Elaine Sweet Horwitch always threw a great party, but her final blowout was unusual, partly because it was so dignified and certainly because it took place without much notice.

Stunned by the sudden death of the gallery owner whose name has long been synonymous with Scottsdale, about 1,000 people last week filed into Scottsdale Center for the Arts for a funeral service more solemn than any previous gathering at which Horwitch was the center.

A lot of the bereaved were artists and would have worn black anyway, even if they hadn't been headed for a wake. They stared sadly at the casket on the auditorium stage, the one swathed in a bright, folk-art quilt that was Horwitch's last flea-market find. They stood around in the lobby afterward, the men in pleated pants and ponytails. Stood around on the cusp of a new age of art in Arizona, one that had begun before Horwitch died but is far more noticeable because she's gone. Stood around talking about "the end of an era."

They may have suspected the era was ending last year, when Marilyn Butler, who opened her gallery in 1978, closed her doors, a victim of the art recession and a venture in Santa Monica that failed. They knew for sure now that Horwitch, who brought together a stable of artists that included Merrill Mahaffey, Anne Coe, Bill Schenck and others who became identified with the "Southwestern style," was also out of the picture.

Over the past year, they had seen Horwitch revamping her gallery's focus and had known something was up.

"Even if Elaine hadn't passed away, there were definitely big changes coming in the Scottsdale art scene," says Julie Sasse, administrative director for Horwitch's galleries. "What used to be in the area is now completely changed."

The "area" she refers to is Marshall Way, the short stretch of pavement lying just north of Indian School Road that, on Thursday nights during the season, is the heart of the opening-night soirees known to their stylish devotees as Art Walks. Marshall Way is probably the center of contemporary art in Scottsdale, where Horwitch and galleries like Lisa Sette and The Hand and the Spirit share the block with Udinotti, C.G. Rein and newcomer Bentley Tomlinson.

Of these, Horwitch, Sette and The Hand and the Spirit have been the most progressive and well-regarded--although there are also numerous art aficionados who have never considered "progressive" Horwitch's fondness for primary-color cacti on canvas, contemporary takes on Native American jewelry and painted wooden coyotes that howl at the sky. These experts have called Horwitch's approach to art "kitsch." "She was not about serious art dealing with overall important issues," says gallery owner Sette, who since the mid-Eighties has mounted elegantly spare shows of cutting-edge art across the street from Horwitch. "She showed things that were funky and colorful and fun."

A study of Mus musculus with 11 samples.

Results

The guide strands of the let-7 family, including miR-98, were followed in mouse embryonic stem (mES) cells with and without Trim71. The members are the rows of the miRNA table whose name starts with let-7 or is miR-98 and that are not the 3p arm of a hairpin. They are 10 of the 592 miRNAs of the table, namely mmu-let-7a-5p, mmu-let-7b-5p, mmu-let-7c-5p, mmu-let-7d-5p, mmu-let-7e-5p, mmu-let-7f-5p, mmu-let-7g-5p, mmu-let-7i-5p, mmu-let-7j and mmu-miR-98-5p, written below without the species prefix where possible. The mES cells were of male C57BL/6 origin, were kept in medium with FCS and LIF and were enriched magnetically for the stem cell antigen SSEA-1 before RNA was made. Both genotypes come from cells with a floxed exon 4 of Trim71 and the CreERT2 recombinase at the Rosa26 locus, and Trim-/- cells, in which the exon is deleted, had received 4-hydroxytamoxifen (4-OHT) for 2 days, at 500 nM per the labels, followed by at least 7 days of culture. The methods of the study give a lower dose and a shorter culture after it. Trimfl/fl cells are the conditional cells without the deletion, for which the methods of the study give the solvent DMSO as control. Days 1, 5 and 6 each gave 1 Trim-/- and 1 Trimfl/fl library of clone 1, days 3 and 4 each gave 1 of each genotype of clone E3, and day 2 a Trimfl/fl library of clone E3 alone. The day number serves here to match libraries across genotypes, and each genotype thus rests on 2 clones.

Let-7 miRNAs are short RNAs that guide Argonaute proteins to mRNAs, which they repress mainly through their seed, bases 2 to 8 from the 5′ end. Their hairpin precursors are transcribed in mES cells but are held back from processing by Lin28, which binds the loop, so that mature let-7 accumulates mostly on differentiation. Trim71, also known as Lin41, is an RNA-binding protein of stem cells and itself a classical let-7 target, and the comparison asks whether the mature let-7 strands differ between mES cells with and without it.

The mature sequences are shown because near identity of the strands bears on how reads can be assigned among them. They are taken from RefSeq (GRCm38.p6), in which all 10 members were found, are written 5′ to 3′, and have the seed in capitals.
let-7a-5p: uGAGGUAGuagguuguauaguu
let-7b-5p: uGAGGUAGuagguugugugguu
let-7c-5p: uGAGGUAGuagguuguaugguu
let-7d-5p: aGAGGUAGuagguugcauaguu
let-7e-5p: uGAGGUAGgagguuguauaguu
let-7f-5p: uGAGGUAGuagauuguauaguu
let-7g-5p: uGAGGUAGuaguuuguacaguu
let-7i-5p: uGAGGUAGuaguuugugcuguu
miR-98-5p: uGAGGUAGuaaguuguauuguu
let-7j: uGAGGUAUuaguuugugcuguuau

But if Horwitch was viewed askance by the experts, her influence over the development of Valley art at its best, as it is today, cannot be overestimated. Together with Suzanne Brown, she upgraded Valley tastes and made "contemporary" a palatable word among local collectors whose previous tastes in art had run to realistic paintings of horses. "She probably paved the way for me to be here," says Sette.

She also became a wildly colorful Valley fixture, a respectable grandmother who packed a gun, collected motorcycles and staged celebrations at unlikely moments. (Julie Sasse remembers climbing onto the roof of Horwitch's house with her boss on a night when it was publicized that escaped convicts were loose in the neighborhood. Horwitch brought with her a supply of fried chicken, cherry pie, binoculars and weapons. She devotedly scanned the environs and waved gaily to police helicopters strobing above her. She transformed a prison break into a party.)

She was the woman of enthusiasm and savvy who was at the heart of the most prosperous period of art the state has ever experienced, a period when the work of "Southwestern style" artists--and even unknowns--was sold almost as soon as it was mounted on the walls. "It was like a check-out at K mart," says Sasse.

That period is dead now, and Horwitch, too, and some onlookers have only noticed the one because of the other. Julie Sasse recounts another quintessential Elaine Horwitch story:

"A drunken guy had staggered in the front door of the Santa Fe gallery and was standing in the window, among some carved bear fetishes. He picked up one and put it inside of his shirt. Someone in the gallery yelled, `Stop that man, he's stealing something!'

Elaine said, `Who's stealing? I'll stop him!' And she goes up to him with her gun drawn. She says, `You're under arrest.' And the guy peed in his pants. She wasn't afraid of anything."